The EESC has called for a reform of health systems across the EU in a bid to ensure a comprehensive approach to mental health, amid a spike in mental health and behavioural disorders among Europeans, particularly Europe's younger population.

In an opinion requested by the Spanish presidency of the Council of the EU, adopted at its plenary session in July, the EESC stated that mental health care should focus on timely prevention, early detection and community-based care.

"We urgently need to reform health systems across the EU to ensure that they deliver integrated and planned long-term interventions and care, not only to cure but also to prevent medical conditions, using multidisciplinary teams, instead of being organised around episodic models of care," said the rapporteur for the opinion, Milena Angelova.

"We need to change our mental health care systems. We need more specialists and more support for the people who need [the care],"said the co-rapporteur for the opinion, Ivan Kokalov.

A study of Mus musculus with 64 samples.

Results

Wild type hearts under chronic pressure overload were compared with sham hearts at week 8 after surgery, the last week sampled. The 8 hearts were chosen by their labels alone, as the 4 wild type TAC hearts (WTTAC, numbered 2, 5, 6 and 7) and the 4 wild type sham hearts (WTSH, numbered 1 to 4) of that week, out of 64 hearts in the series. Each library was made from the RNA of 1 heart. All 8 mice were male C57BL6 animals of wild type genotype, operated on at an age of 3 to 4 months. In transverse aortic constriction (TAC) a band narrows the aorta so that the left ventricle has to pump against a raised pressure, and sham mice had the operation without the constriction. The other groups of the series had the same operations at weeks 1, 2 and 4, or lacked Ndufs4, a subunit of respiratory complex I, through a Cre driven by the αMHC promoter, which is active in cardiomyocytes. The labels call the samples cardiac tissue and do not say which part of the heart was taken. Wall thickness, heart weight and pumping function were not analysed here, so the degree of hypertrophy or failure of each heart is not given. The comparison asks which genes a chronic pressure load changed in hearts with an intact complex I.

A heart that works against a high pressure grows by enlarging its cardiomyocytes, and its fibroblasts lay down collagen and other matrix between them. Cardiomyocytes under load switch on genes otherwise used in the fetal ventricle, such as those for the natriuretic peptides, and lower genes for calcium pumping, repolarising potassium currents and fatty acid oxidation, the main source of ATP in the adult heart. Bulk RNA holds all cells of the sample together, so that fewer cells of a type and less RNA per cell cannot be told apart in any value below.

Young people, children, women and disadvantaged groups, but also people exposed to prolonged stress, are at particular risk of developing a mental disorder.

Following the COVID-19 pandemic, mental health has further deteriorated, with some 20% of Europeans experiencing mental health needs, ranging from severe to moderate. This has, among other things, also affected working life and income. Current estimates show that mental health and behavioural disorders cost the EU some 4% of its GDP annually.
Mental health disorders are also taking a severe human toll and are responsible for roughly 4% of deaths in Europe every year; they are the second-most prevalent cause of death among young people.

The EESC commends the European Commission on its recent Comprehensive Plan on Mental Health, and urges that this plan be swiftly transposed into a properly funded EU Mental Health Strategy. The strategy should have a timeframe, define clear responsibilities and include measurable progress indicators.

In the EESC's view, mental health systems should be rights-based and person-centered, prioritising the empowerment and active participation of individuals in their own recovery.
The EESC strongly recommends that the European Commission declare 2024 as the European Year of Mental Health. This would send out a powerful signal and encourage the forging of a strong alliance to improve and promote mental health throughout the EU.